For his book Putting the Science in Fiction, out this October, geneticist Dan Koboldt runs through common science misconceptions that appear in movies and TV shows. His aim: help screenwriters write more accurately about fields like biology, physics and engineering.
As Koboldt says, Star Wars is the easy target when it comes to space misconceptions.
Take the exploding Death Star, the big scene at the end of Return of the Jedi.
"Things don't really blow up in space, because if you want to blow something up in space, that means you need oxygen -- and space is a vacuum," Koboldt says.
You wouldn't hear the Death Star exploding either.
"You won't hear anything because sound can't travel across the vacuum," Koboldt says.
Boy meets radioactive spider. Boy gains spider-related abilities. In real life, mutations do something different.
"If it's a bad mutation, the cell dies," Koboldt says. "That's it. If it's a good mutation, an advantageous mutation, the cell usually will grow into a tumour."
But more often there's no effect. "Because the genome is massive and a single-based change at 2 billion base pairs probably isn't going to make a big difference."
Koboldt watched an episode of CBS show CSI that involved taking a DNA sample and predicting what a person will look like. (Disclosure: CBS is CNET's parent company.)
You can't do that in real life. "As a geneticist, we could probably tell you with some certainty -- just as 23andMe Ancestry could tell you -- what the likely ancestry is of the DNA sample," Koboldt says.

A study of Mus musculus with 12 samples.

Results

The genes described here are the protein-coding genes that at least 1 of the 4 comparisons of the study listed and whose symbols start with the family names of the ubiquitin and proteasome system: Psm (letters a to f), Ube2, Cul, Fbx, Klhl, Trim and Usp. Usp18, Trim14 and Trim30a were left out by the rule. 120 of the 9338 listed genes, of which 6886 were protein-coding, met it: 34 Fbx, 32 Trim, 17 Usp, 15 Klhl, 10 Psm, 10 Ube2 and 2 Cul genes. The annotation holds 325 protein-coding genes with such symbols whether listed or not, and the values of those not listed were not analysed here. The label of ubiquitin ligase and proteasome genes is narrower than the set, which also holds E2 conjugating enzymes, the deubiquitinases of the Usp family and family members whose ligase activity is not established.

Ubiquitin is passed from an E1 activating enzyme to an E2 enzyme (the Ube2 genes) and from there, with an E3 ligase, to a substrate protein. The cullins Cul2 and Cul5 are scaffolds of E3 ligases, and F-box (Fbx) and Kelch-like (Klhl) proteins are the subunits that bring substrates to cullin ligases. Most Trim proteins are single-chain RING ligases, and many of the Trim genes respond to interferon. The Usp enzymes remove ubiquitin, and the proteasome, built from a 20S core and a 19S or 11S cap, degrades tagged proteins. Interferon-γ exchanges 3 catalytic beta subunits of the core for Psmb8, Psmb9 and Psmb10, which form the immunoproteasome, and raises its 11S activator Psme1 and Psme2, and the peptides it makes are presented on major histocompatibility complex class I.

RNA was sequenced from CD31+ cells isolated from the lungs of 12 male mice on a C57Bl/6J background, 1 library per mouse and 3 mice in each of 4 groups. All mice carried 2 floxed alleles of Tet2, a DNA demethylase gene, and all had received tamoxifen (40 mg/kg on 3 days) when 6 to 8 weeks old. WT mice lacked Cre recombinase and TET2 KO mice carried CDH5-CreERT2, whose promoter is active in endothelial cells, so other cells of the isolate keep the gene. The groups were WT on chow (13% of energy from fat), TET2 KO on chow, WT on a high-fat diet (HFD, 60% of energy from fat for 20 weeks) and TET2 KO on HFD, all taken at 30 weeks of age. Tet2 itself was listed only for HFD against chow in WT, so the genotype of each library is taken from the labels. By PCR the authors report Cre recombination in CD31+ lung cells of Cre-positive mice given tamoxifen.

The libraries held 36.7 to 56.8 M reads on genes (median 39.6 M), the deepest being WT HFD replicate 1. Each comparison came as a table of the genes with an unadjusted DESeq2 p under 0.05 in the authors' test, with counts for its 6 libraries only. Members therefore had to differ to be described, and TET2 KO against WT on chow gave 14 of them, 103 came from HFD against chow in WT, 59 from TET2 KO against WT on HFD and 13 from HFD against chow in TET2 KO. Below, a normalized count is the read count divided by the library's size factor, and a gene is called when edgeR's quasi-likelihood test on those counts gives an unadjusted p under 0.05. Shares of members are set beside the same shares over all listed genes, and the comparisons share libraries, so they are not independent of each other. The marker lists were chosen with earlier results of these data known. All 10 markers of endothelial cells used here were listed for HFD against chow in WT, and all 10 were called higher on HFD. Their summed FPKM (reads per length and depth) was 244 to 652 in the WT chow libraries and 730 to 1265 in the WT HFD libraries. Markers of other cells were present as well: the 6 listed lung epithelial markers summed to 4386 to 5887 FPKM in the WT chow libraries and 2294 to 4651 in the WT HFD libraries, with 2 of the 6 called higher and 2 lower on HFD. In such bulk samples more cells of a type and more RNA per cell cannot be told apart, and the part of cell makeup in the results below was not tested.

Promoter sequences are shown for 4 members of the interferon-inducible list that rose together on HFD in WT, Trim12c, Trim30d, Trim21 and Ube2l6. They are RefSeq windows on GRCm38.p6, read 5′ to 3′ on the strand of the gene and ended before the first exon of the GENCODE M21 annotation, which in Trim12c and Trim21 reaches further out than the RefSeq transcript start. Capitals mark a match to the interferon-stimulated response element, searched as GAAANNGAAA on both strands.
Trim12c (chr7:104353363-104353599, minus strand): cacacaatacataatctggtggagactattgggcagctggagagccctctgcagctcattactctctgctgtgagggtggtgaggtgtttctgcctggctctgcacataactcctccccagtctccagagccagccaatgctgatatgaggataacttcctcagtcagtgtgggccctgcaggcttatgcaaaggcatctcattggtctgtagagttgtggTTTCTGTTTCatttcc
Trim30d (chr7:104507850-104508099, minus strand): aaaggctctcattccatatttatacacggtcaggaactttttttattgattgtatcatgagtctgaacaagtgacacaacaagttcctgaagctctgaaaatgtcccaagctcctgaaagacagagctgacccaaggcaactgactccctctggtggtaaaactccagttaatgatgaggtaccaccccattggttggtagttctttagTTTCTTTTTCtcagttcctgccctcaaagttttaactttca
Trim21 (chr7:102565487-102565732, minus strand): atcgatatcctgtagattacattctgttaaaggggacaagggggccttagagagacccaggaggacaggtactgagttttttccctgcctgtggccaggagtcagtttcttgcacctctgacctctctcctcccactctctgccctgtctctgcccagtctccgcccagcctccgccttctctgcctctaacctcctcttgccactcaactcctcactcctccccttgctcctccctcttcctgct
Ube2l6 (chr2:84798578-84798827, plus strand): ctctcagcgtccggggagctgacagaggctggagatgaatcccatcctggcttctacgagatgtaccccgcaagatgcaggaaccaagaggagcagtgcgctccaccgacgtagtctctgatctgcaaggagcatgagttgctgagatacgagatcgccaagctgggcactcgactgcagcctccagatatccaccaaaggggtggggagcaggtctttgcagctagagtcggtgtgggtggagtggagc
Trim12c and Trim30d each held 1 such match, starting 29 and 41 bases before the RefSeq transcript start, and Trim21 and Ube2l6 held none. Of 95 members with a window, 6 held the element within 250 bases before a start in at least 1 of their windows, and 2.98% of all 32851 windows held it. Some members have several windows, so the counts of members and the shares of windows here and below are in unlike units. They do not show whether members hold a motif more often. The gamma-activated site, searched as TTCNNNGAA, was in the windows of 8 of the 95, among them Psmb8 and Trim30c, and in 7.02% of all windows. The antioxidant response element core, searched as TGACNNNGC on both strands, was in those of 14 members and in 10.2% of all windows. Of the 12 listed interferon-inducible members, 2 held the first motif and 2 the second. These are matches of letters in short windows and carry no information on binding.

"But it would be very difficult to predict their exact appearance based on that, because a lot of these are very complex traits."
"Miracle details" in shows like NCIS, Bones and Arrow involve using technology to capture the license plate number off a car as it drives away, identify a face that's a perfect match to the criminal being hunted, and create a perfect image out of the blurred reflection in a window.
It's all performed in a matter of seconds, but that's far from reality.
"It's beyond laughable," optics and imaging specialist Judy L. Mohr, a collaborator on Koboldt's book, said in an email. "Almost all CSI-type shows are guilty of it."
Another of Koboldt's collaborators is Rebecca Enzor, a nuclear chemist and author in Charleston, South Carolina.
"James Cameron's Avatar taught people how to use Eppendorf pipettes wrong … (that scene aggravated me so much!)" Enzor said.
This is how you're supposed to do it, courtesy of biochemist Sam Sternberg of Columbia University.
Putting the Science in Fiction: Expert Advice for Writing with Authenticity in Science Fiction, Fantasy & Other Genres, edited by Dan Koboldt, can be found in Writer's Digest Books in October.
So what movies get science right? See some examples here.